Bay Ridge

Report: Gentile is Democratic frontrunner for Grimm’s seat

January 28, 2015 By Paula Katinas Brooklyn Daily Eagle
Councilmember Vincent Gentile greets Theresa Scissura, mother of Brooklyn Chamber of Commerce President and CEO Carlo Scissura, at an open house at his Bay Ridge district office. Eagle photo by Paula Katinas

The Advance reported on Jan. 25 that Gentile (D-Bay Ridge-Dyker Heights-Bensonhurst) will likely be chosen by party leaders to run for the congress seat in a special election. Governor Andrew Cuomo will set a date for the special election.

The presumed Republican candidate is Staten Island District Attorney Daniel Donovan.

Grimm resigned from congress on Jan. 5 after pleading guilty to a charge of income tax fraud in federal court.

Gentile’s spokesman, Justin Brannan, told the Brooklyn Eagle via email that the councilmember has already met with party leaders to discuss his possible candidacy and that he would meet with them again “in short order.”

Gentile, who has served in the council since 2003, was a state senator from 1997 to 2002, representing a district that covered Bay Ridge and included parts of Staten Island. Gentile is also a former assistant district attorney who worked in the Special Victims Bureau in Queens County.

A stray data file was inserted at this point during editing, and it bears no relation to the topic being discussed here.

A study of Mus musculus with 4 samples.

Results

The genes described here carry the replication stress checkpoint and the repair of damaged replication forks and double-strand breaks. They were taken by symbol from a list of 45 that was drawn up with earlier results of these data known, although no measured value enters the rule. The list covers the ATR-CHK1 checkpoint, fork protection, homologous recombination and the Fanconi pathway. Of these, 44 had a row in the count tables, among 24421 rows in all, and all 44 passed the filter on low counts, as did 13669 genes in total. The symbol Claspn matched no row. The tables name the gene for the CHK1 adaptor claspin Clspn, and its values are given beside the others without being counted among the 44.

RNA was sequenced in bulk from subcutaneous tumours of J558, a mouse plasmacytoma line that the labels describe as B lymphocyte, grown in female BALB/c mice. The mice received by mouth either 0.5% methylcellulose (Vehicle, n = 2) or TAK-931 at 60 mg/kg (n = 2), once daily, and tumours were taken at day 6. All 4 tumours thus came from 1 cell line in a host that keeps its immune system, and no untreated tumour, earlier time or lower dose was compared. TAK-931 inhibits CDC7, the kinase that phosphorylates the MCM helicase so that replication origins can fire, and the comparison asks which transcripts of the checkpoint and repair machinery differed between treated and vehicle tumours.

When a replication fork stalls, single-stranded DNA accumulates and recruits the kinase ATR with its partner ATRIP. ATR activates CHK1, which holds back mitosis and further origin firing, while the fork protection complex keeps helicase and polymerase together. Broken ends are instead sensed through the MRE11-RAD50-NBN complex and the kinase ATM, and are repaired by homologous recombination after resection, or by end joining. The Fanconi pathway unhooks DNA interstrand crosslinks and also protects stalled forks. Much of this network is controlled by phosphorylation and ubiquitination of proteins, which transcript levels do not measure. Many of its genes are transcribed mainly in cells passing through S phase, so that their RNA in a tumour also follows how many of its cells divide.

Brannan said Gentile would be a formidable candidate.

“From battling against tax hikes to making sure police officers have the newest bulletproof vests, Councilman Gentile has never backed down from a fight. As a former prosecutor and an assistant district attorney, as a state senator, and now as deputy majority leader of the New York City Council, Gentile has been a leader in our city. A Brooklyn native who represented Staten Island for six years, Councilman Gentile’s strong legislative record and unrivaled constituent services operation make him a very strong contender for the congressional seat,” Brannan said in a statement.

Assemblymember Bill Colton (D-Gravesend-Bensonhurst) has also expressed a strong interest in running.

The 11th Congressional District, which Grimm represented for four years, is composed of the entire borough of Staten Island and takes in parts of southwest Brooklyn, including Bay Ridge, Dyker Heights and Bensonhurst. Staten Island makes up the lion’s share of the district.

News of Gentile’s emergence as a frontrunner came after Staten Island Assemblymember Michael Cusick, a Democrat who had been perceived as the frontrunner, announced that he would not run.

“After much reflection I have concluded that the best way I can continue to serve my constituents is in the New York State Assembly. I am eagerly looking forward to continuing to lead the fight for toll relief, and to work on important issues like prescription drug abuse and the heroin epidemic and the education tax credit, which expands scholarship and programming opportunities. I am confident that this decision is best for me and my family and the people I represent on Staten Island,” Cusick said in a statement printed in the Advance.

Another well known Staten Island Democrat, former congress member Michael McMahon, is also said to be considering running, although Capital New York reported on Jan. 26 that he appears to be passing it up.